Plenary session on “Crossing the limits of impairment – lessons from neuromuscular and cardiovascular function after spinal cord injury” – MR 05.04.2016
This session will present practical and mechanistic insights how to restore health and optimize performance after spinal cord injury focusing on two major aspects: neuromuscular plasticity and cardiovascular function.
Two excellent speakers will take part in this session: Professor Reggie Edgerton [USA] and Professor Daniel Theisen [Luxembourg].
Reggie Edgerton is Director of the Neuromuscular Research Laboratory and a Distinguished Professor of the Departments of Integrative Biology and Physiology, Neurobiology and Neurosurgery at the University of California (UCLA), where he has been teaching and conducting research for over 40 years. To a large extent his research focused on the recovery of locomotion after spinal cord injury. Prof. Edgerton’s talk is entitled
“Life-Long Activity-Dependent Neuromuscular Plasticity in Optimizing Performance in the Presence of Neuromotor Disorders”.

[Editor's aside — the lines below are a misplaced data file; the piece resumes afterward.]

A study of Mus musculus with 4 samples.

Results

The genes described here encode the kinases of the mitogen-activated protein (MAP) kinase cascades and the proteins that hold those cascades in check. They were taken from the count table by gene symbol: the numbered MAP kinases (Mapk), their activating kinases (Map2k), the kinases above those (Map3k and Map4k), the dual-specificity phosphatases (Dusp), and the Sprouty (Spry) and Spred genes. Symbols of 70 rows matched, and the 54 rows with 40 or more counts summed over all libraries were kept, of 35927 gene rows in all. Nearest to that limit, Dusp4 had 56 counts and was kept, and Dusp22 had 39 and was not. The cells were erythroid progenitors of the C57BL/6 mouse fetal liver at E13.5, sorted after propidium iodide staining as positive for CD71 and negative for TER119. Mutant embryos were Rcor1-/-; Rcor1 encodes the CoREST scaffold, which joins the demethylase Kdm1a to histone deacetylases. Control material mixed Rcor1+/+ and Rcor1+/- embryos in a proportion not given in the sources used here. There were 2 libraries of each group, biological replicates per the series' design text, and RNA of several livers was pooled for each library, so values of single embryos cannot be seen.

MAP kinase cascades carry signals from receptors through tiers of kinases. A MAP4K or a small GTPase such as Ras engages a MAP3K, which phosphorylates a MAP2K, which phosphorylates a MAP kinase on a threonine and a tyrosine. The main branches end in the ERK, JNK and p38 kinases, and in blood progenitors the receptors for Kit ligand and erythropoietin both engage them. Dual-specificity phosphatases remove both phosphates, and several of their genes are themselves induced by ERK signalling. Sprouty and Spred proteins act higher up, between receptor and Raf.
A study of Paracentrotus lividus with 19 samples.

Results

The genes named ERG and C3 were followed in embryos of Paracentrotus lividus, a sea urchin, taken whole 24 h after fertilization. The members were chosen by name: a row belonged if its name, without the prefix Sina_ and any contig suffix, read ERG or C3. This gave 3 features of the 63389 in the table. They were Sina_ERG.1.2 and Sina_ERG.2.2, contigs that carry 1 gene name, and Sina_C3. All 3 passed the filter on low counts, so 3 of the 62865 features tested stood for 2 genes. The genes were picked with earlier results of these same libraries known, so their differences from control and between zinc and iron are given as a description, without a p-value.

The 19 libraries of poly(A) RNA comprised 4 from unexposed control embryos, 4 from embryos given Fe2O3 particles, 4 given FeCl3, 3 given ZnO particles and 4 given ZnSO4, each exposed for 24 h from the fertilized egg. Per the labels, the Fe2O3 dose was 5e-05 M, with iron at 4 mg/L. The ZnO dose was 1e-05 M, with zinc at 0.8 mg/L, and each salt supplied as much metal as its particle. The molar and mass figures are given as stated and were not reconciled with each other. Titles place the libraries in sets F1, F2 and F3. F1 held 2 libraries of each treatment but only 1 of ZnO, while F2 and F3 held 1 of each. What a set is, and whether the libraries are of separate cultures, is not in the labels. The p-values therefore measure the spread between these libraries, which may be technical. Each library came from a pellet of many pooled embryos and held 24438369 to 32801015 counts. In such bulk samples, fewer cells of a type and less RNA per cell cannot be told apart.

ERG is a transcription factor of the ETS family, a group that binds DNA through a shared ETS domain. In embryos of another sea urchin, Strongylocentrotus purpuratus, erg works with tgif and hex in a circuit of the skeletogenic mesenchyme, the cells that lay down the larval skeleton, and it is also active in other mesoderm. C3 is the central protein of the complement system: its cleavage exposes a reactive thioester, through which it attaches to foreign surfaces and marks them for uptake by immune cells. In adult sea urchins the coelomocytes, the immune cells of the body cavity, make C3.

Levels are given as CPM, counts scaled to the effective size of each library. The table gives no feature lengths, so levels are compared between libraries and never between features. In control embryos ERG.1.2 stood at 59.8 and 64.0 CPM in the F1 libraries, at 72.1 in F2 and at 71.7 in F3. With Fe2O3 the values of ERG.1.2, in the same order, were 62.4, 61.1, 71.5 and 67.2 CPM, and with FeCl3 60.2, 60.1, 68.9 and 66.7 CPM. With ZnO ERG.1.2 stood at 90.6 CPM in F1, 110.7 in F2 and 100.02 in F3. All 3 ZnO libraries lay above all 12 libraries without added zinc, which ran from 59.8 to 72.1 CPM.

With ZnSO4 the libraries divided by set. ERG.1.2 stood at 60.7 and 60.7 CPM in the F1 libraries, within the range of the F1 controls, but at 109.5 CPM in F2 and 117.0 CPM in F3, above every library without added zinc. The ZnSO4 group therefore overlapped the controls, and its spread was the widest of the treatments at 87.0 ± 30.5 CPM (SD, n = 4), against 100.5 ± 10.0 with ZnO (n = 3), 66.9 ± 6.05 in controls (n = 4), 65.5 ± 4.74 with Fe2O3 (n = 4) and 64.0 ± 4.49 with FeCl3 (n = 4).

He will try to explain the fascinating plasticity of the neuromuscular system and autonomic system using insights from human studies with individuals that have experienced a traumatic or even progressive dysfunction in the sensorimotor system but also from animal studies explaining the underlying mechanisms.
The second speaker in this is session is Daniel Theisen, the head and founder of the Sports Medicine Research Laboratory at the Luxembourg Institute of Health. He is specialized in physiology and biomechanics of healthy and disabled/injured individuals, as well as in sports injury epidemiology in the context of rehabilitation, sport sciences, sports medicine and population health. His current projects focus on the prevention of sports injuries, knee laxity measurements and rehabilitation optimization after anterior cruciate ligament injuries and the prevention of sudden cardiac deaths in sports. During the lecture
“Cardiovascular function during exercise - the spinal cord injury model”
he will shift the focus on the cardiovascular system which can be strongly impaired after spinal lesion impacting blood pressure regulation, body temperature and various aspects of exercise capacity.
We would be happy to meet you in the plenary session [PS-PL01] “Crossing the limits of impairment – lessons from neuromuscular and cardiovascular function after spinal cord injury” which will start at 16:45 on Wednesday, 6th of July 2016 in Lecture room “E”.